Ok I just got a message through InterNACHI from a property Management company that makes me feel a little uneasy. I wanted to get some other opinions of it. See below let me know what you think.
“Good afternoon. I am looking for someone that can do a visual - walk-through inspection on a multifamily property located in Alliance OH. This inspection would include interior/exterior review with pictures and completion of a 1 page inspection report form. Fee is $170.00 and would need to be completed and returned by end of day 1/15/20. If you are interested, please email me for additional information. Thank you.”
There is no way I will obliged their request. It seems at best unethical for them to try and take control of what a home inspection consistists of and what is reported on. (the absurdity of the price goes without saying) Seems they’re creating their own inspection report format and trying to farm out unwitting home inspectors to put their credentials on the line for peanuts. So do you guys think this is just unethical or is this approaching illegal?
Good question for the Ohio Board of Home Inspectors to determin.
That’s a pass. Leave that one to the bottom feeders.
It’s possible you misunderstood the request, perhaps they just need a certain type of inspection (post rental, move-out, etc. ) not a full home inspection. You could ask for clarification if it’s unclear, or just pass on the request.
A property management company would not be seeking a home inspection. I never did that type of inspection, but I think you have misconstrued the request for condition assessment for a rental property that belongs to their client.
Good point, wouldn’t be the first time I misconstrued something someone said to me… just ask my wife.
You could ask to see the form they need filled out. If you’re interested, send them a walk-through agreement to sign, you could edit it as needed.
I guess my biggest concern would be liability. If I’m only doing a partial inspection for certain things I need to have some type of agreement that outlines the scope what I will and will not inspect.
The management firm is a very large national firm. If what they’re looking for is less than a home inspection why do they even need to hire a home inspector to do it?
Because they want a 3rd party professional to document the condition. Again, ask them for clarification and then decide if it’s a service you want to provide.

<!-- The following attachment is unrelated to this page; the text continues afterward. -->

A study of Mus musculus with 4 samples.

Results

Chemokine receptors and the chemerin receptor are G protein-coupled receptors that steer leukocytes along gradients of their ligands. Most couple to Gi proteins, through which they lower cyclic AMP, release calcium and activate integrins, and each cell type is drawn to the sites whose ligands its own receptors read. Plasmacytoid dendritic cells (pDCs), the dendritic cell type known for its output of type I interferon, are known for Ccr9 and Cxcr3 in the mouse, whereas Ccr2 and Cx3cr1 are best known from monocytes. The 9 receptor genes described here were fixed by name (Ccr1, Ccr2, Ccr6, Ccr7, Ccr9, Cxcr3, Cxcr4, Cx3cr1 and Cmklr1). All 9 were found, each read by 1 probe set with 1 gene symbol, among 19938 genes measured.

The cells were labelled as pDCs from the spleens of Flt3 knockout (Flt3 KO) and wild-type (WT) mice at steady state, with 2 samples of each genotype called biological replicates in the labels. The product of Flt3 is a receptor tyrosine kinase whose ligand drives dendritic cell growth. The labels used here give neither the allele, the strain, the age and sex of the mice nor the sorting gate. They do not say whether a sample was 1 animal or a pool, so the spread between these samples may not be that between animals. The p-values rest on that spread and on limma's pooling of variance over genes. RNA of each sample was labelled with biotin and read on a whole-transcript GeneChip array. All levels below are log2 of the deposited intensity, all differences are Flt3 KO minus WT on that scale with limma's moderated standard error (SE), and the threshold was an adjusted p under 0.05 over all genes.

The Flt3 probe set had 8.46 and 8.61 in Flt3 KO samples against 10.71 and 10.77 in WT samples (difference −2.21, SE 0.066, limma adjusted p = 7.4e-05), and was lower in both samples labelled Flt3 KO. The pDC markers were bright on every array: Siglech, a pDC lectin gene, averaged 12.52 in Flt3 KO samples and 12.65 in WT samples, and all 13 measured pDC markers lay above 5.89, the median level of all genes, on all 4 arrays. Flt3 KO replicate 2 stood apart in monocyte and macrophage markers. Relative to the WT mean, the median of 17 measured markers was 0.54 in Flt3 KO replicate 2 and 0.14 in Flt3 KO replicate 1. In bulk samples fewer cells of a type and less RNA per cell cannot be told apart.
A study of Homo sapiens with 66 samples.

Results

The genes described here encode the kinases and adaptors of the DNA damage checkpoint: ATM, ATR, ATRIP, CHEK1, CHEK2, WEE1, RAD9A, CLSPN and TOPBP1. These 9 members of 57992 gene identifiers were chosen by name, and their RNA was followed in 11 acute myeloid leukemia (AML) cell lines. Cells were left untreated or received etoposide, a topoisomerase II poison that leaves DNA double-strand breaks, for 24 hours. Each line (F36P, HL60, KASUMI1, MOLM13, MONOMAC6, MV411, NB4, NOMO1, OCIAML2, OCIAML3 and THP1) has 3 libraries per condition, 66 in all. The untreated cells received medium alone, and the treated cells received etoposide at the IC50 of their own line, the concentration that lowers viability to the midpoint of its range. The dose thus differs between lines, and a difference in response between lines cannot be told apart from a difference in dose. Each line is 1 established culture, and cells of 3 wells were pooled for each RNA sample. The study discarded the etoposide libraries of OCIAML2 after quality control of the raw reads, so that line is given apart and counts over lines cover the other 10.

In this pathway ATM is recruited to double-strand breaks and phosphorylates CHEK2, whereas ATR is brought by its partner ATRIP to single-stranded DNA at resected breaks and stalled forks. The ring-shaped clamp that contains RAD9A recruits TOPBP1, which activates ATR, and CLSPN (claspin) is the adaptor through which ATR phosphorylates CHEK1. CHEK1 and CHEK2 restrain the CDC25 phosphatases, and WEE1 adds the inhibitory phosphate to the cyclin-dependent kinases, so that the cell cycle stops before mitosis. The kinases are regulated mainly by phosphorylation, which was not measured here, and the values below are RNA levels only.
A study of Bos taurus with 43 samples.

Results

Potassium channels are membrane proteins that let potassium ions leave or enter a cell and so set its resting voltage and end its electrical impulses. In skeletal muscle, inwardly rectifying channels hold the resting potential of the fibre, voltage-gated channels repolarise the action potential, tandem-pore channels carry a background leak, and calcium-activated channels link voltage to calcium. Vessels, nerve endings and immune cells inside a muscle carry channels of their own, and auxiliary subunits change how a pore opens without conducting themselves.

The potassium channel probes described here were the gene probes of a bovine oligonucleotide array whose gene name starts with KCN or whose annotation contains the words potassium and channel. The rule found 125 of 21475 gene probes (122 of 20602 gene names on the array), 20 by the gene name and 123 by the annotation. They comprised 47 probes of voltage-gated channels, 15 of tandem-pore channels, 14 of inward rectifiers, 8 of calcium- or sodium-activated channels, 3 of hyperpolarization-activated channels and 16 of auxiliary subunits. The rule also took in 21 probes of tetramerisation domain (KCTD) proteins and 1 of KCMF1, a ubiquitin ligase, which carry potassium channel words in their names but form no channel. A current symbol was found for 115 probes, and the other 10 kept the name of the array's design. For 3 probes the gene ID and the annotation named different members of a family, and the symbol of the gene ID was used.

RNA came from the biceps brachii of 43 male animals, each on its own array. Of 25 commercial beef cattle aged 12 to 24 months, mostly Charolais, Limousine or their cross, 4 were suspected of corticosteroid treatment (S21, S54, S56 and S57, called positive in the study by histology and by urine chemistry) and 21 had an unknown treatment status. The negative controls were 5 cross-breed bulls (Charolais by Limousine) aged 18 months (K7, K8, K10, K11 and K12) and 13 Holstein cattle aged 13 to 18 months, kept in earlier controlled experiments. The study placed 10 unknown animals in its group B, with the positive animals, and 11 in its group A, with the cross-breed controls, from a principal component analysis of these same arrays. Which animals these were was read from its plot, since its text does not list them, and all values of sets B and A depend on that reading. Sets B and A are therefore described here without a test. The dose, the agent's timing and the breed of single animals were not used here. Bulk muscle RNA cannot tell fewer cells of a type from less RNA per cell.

They want someone qualified, who knows what to look for, etc. You should be able to edit a walk-through agreement or component agreement to suit what you’re doing for them. We’ve done walk-throughs, addendum reports , property damage reports, for different companies, mortgage lenders, insurance companies, etc. Most times they’ll have a checklist page of things to look at, take a few photos, email to them, jobs done.
I wouldn’t do it, but if one did, they should make sure to have a signed agreement and get some references.
I got stung once by an out of state company and asked my attorney what I could do. He advised me to get paid in advance with a signed agreement. It costs $ to try to chase out of state cash.
I did that from then on with all out of state clients and never got any push back.
But I didn’t do the “bottom feeder inspections.”
Thanks Dominic more clarification is definitely needed. Although I have no interest in doing the job regardless of how simple it is. I’m now interested in what exactly their asking for and what will the report ultimately be used for?
Maybe I’m just a cynic but I get the feeling they’re trying get something without fully paying for it.
What’s a “bottom feeder inspection”? Charging $250 for an hour or less, to examine a few things, take a few photos, send a quick email.
Arthur if you don’t feel comfortable doing it, by all means don’t. We done a few different types, and it’s all worked out well.
Junior Thanks for the point of view. When you put it that way it makes me sound like something I want to do. Guess I just can’t help but not trust a company like that
Typically they need the survey/report (stop calling it an “inspection” if that helps) when they are dealing with security deposits, condition prior to occupancy, etc.
Torn screens, broken glass/windows, stained carpets, missing window coverings, holes in the walls, whatever they want documented.
Reads to fall under the “Field Services” side of the inspection industry. Common and usual.